The chancellor has set out the timeline for departments to bring the civil service headcount back down to pre-pandemic levels in his Autumn Statement.
An update to the government’s public sector productivity review, published in today’s Autumn Statement, says: “The civil service, excluding devolved administrations, has grown by around 66,000 since 2019; capping headcount at current levels could save up to £1bn by March 2025.
"To go further, after the current Spending Review period, government departments will be asked to produce plans to reduce the size of the civil service to pre-pandemic levels by the end of the next Spending Review period.”
It follows Hunt’s "civil service numbers cap" announcement last month that civil service expansion would be “frozen” and a plan would be put in place to return it to its size before the Covid-19 pandemic. At the time, he said departments would then be asked to produce plans “on driving down headcount over the long-term to pre-pandemic levels”.
This is the first time the Treasury has specified a timeline for reducing the headcount to pre-Covid levels beyond March 2025, when the current spending review period ends.
The Autumn Statement now specifies that the target for departments will be to cut 66,000 jobs to reach the 2019 level by the end of the next Spending Review.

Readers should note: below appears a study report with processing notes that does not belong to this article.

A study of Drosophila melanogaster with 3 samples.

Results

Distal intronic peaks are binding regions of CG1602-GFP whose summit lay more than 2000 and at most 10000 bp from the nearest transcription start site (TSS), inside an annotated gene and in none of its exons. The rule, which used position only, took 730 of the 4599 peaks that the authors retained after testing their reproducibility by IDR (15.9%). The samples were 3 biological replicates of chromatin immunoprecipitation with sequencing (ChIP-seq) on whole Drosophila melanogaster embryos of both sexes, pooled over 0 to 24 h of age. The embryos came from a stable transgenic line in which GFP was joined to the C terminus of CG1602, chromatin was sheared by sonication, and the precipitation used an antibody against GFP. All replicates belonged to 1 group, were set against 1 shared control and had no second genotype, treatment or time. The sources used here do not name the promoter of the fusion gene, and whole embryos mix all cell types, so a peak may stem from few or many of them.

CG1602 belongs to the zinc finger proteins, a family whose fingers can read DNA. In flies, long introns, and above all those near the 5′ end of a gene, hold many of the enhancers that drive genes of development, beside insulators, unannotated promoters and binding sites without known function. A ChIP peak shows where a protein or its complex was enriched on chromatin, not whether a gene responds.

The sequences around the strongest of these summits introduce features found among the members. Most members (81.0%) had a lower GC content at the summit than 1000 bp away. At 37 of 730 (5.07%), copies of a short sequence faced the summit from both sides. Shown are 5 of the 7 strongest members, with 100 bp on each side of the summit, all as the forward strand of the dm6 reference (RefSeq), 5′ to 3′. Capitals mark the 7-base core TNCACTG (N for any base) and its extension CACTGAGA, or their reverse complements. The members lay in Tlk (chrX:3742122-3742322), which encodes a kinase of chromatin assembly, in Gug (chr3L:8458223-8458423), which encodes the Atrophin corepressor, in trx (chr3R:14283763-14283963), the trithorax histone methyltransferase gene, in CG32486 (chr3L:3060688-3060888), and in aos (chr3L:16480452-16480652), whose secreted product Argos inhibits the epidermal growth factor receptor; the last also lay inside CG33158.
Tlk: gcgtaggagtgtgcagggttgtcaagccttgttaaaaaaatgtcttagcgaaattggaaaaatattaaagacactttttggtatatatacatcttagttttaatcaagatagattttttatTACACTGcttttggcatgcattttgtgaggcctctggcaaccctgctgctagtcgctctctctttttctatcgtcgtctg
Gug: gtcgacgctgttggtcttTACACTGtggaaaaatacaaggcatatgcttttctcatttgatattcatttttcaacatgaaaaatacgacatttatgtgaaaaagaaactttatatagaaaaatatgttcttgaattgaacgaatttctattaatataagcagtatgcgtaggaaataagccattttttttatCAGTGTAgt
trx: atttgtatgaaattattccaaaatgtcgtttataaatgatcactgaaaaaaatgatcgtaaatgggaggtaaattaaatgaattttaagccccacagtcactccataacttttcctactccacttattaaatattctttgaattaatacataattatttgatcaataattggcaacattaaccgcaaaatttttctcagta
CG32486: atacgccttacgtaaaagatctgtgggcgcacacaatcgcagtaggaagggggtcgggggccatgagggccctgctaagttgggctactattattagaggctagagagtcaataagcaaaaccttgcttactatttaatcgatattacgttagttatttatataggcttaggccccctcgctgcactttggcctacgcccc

The Treasury has said the cap – which came into effect immediately in October and will be in place for the duration of the current Spending Review period – “does not equate to a recruitment freeze, and current recruitment campaigns will remain ongoing”.
The projected saving up to March 2025 is based on a projection that the number of full-time equivalent civil servants would reach 490,000 by that date, up from 457,000 as of June, based on the upward trend since 2016.
Unions slammed the policy when it was announced last month.
FDA general secretary said: “It is so glaringly arbitrary that all it does is demonstrate that this is not a serious government."
Mike Clancy, general secretary of Prospect, said the policy "shreds any remaining doubts about the prime minister’s lack of personal commitment to civil servants”.
PCS general secretary Mark Serwotka said “shrinking an already-overstretched and under-resourced civil service will inevitably result in cuts to vital services that people depend on”.